In part 2 of our Green Christmas guide we look at ways to be green this festive season, focusing on the big day itself.
Read part 1 here, looking at how to be green in the lead-up to Christmas, and later this month we’ll be sharing tips on going green in the new year.
Christmas is a time of year when we’re thinking about those we love (and what to have for lunch on Christmas day).
With so much preparation and planning for the big day, recycling and the environment can slip down the to-do list.
- We throw away 7.2 million tonnes of food and drink per year in the UK
- An average UK household with children spends around £680 a year on food that could have been eaten but is thrown away
- UK households dispose of around 4.9 million tonnes of packaging every year.
This time of year presents a great opportunity to make a few changes to your daily routine that make a real difference to the planet.
Waste less food:
We throw away hundreds of pounds worth of food every year. But we don’t have to.
With a bit of planning ahead you can significantly reduce the amount you throw away.
- Save time & money by planning your meals in advance (download this free meal planner & shopping list template to get started)
- Plan portion sizes on Christmas day to minimise what goes to waste (use this free Christmas dinner portion planner)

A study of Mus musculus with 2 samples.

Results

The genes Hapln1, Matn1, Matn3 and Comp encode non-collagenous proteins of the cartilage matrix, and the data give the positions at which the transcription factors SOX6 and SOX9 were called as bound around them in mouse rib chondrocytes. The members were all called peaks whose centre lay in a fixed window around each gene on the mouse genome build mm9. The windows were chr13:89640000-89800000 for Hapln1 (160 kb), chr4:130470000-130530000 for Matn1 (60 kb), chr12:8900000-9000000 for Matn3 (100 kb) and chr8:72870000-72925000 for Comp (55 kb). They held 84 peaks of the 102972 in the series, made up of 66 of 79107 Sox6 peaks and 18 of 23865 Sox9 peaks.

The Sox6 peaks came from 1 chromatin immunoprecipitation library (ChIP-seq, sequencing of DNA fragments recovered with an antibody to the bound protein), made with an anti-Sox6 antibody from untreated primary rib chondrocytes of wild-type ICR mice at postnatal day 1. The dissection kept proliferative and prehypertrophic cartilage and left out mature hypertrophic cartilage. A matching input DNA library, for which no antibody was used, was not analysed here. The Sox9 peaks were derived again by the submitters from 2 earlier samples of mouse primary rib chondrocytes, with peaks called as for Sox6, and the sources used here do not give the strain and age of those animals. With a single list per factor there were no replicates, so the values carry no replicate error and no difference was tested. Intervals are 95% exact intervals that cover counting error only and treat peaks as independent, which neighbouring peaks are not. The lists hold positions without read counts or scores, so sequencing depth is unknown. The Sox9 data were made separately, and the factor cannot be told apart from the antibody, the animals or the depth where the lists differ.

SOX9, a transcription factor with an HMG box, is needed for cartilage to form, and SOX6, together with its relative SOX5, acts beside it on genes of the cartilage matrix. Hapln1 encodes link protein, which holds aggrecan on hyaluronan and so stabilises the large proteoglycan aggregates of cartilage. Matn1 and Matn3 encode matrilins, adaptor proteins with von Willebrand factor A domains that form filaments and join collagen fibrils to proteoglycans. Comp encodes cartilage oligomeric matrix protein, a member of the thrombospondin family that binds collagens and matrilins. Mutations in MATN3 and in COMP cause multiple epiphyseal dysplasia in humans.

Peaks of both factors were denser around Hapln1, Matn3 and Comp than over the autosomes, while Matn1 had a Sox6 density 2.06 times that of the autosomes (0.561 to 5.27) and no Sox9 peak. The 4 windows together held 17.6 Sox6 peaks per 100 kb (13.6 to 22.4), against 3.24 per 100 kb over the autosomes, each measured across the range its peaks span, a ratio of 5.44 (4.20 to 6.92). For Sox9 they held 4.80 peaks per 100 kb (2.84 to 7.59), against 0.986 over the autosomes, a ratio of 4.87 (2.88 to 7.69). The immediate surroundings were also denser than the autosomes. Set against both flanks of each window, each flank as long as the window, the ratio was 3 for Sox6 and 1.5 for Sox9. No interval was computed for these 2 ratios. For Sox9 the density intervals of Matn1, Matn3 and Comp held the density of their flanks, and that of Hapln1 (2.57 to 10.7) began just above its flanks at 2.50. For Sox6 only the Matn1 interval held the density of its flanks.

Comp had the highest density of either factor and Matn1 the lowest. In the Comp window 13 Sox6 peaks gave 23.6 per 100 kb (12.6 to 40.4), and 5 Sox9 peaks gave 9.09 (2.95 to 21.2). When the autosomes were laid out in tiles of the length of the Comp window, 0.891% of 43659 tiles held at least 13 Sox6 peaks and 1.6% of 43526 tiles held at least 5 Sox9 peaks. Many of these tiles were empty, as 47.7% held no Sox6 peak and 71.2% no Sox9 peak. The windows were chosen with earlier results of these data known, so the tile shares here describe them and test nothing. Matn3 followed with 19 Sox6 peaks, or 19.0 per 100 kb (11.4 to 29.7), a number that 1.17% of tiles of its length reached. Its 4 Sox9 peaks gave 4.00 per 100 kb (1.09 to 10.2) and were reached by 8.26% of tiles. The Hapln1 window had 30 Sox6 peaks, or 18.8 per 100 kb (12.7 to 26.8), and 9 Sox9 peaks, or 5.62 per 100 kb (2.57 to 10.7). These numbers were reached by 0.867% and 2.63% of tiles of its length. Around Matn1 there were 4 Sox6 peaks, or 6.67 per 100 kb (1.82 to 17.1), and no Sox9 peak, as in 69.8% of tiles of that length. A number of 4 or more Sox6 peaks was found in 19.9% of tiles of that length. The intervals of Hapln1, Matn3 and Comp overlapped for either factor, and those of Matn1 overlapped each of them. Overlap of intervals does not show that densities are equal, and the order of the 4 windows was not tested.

- Only buy what you need
Picture the scene: the floor is littered with empty cardboard boxes, you can barely see your feet over your stuffed belly and the carpet is a distant memory after it was buried under wrapping paper early this morning.
Take action early to avoid this scene of mess, mayhem and tripping hazards!
- put your used wrapping paper to good use and clean the windows with it (maybe once your dinner has gone down a bit…)
- shred used wrapping paper and reuse as padding when packaging future gifts
- decorate boring old notebooks or recipe books with leftover paper
- recycle it by putting it straight into a recycling bag as you open your gifts
Millions of kitchens are piled high with vegetable peelings and left over turkey during the festive season. But where does it all go? Here are a couple of tips on making the best use of leftovers:
- Cook up some bubble and squeak on Boxing Day with any leftover vegetables (this recipe is delicious)
- Add leftover smoked salmon to scrambled eggs and pile onto toast, muffins of bagels for a light lunch
- Use any extra turkey up in a warming turkey and ham pie (recipe here) or in smoked turkey and pepper fajitas
In the average home, lighting accounts for around 10-15% of the electricity bill so it’s worth being aware of how you’re using yours. Here are some tips on going green with your lighting this Christmas:
- Cut down on wires trailing across your garden with some energy saving solar powered fairy lights (also check out these gorgeous LED solar powered lights from Nigel’s Eco Store)
- Switch off the lights when you’re not in a room and save money as well as energy
- Use energy saving light bulbs – they last up to ten times longer then ordinary bulbs and are cheaper to run
- Use Christmas lights with LED bulbs – they use up to 90% less power than standard bulbs and last up to ten times longer
I’ll keep wishing for a white Christmas because I just love snow, especially at this time of year, but I’ll also be wishing for a green one.
Come and join us on Facebook and share your green ideas for the festive season.
See you there – and have a great Christmas and a green 2012 (and come back soon for part 3 of Green Christmas on Daisy Hill Living).